Monday, April 5, 2010

Mating Bees

Insects spend most of their lives doing what’s necessary to produce more insects. These ground nesting bees, female to the right and male on the left, are just two of many hundreds that were busily searching out mates.

I was walking across one of the barrens when I encountered a swarm of insects rapidly criss-crossing an area about 70 feet across. They gave way as I walked into the swarm, so I sat down in the grass to see if they would come close enough for me to get a good look. They obliged and proceeded to put on a very interesting show.

Apparently, the insects in the air were males of a species of ground nesting bee that had recently emerged from their buried pupae. Occasionally, a female would work its way out of the ground and fight her way up through the matted grass. As soon as she got clear of the grass, several males would rush to her and struggle to be the lucky mate.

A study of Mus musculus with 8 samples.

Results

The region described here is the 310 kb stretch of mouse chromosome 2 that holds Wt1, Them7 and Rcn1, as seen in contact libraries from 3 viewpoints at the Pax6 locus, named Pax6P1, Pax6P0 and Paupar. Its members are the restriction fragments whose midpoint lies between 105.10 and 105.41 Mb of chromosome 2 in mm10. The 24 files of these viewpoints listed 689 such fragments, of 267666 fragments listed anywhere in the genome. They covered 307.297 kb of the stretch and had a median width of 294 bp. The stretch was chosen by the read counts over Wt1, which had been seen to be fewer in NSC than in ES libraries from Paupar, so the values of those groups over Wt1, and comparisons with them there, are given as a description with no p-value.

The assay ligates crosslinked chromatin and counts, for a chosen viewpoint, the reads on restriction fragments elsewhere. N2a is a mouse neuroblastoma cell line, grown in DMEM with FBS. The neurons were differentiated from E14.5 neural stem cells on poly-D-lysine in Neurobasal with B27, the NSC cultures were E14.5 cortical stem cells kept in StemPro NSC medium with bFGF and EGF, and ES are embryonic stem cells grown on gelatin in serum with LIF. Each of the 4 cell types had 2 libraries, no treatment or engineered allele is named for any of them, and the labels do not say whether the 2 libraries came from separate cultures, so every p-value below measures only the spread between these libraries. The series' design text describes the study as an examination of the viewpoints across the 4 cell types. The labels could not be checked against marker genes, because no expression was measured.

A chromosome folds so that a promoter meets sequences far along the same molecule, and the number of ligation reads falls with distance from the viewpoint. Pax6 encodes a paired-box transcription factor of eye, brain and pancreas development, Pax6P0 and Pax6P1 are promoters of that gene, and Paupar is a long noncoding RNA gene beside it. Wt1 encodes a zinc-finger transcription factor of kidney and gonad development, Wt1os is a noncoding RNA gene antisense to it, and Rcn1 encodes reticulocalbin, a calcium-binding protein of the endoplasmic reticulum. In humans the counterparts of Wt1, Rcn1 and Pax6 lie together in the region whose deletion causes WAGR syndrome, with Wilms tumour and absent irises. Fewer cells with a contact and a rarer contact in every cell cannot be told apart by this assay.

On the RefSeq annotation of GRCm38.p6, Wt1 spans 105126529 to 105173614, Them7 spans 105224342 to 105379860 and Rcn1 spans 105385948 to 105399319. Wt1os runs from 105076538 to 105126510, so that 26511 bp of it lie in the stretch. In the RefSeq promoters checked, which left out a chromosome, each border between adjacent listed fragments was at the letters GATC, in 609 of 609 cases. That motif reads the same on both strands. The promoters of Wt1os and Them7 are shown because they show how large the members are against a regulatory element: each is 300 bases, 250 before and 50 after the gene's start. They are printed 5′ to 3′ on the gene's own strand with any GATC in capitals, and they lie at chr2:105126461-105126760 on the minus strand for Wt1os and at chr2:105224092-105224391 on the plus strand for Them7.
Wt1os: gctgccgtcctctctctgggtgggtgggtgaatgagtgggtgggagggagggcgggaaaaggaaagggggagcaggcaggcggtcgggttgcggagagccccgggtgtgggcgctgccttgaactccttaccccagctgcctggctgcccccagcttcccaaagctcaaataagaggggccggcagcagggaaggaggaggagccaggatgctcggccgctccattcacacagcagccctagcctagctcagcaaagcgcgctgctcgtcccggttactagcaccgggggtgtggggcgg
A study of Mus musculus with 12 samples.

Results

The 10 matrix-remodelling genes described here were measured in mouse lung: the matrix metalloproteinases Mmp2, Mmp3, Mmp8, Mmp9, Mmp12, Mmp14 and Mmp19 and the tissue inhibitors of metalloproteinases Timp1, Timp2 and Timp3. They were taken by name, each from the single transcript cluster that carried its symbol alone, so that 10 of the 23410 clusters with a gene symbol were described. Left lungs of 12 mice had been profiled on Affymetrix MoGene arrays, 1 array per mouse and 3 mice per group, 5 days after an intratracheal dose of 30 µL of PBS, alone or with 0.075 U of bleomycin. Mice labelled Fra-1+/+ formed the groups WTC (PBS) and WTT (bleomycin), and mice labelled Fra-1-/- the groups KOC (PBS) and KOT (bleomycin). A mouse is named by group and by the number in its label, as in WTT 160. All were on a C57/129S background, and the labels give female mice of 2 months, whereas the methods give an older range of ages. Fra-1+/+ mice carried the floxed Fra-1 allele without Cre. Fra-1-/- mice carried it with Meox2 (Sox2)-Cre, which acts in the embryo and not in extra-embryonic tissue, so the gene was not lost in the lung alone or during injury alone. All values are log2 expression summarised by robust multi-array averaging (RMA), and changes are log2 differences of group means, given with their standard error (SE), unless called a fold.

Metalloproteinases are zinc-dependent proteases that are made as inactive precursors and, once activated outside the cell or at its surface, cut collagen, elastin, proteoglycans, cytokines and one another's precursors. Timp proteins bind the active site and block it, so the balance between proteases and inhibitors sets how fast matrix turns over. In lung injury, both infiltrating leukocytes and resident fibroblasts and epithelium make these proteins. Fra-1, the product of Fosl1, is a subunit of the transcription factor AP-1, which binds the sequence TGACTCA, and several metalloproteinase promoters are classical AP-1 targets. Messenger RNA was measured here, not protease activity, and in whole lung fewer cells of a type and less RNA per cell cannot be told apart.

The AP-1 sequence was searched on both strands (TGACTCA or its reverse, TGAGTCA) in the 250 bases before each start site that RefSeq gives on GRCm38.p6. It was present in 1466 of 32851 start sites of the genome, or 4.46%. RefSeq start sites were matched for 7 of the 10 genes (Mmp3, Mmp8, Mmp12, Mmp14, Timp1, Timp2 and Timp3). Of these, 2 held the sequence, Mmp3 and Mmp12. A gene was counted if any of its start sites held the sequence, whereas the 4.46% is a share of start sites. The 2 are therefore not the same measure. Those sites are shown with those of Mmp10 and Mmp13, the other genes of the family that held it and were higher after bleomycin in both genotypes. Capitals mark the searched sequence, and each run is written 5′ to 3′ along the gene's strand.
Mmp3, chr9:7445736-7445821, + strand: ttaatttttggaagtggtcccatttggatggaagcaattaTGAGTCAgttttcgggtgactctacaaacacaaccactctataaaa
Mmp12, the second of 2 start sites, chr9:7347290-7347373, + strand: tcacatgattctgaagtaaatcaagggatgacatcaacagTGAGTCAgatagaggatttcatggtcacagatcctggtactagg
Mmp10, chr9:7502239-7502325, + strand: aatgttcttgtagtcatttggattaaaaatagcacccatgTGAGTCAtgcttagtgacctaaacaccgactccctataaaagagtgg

I kept moving the grass away, trying to get a clear shot at the struggling mass, but the group kept rolling down the hill as fast I could get them uncovered. I counted eight males wooing this female.

After a couple of minutes, the group broke apart and the female emerged with the lucky suitor. The pair did a bread-N-butter around a dead grass leaf and had to stay put a while for some photos. Several pairs formed during the short time I sat watching. It’s amazing how emerging insects can time things so perfectly. The barrens offer some perfect bare soil sites for ground nesting bee species. Managing for this type of site is one of the key activities for those trying to increase native bee populations.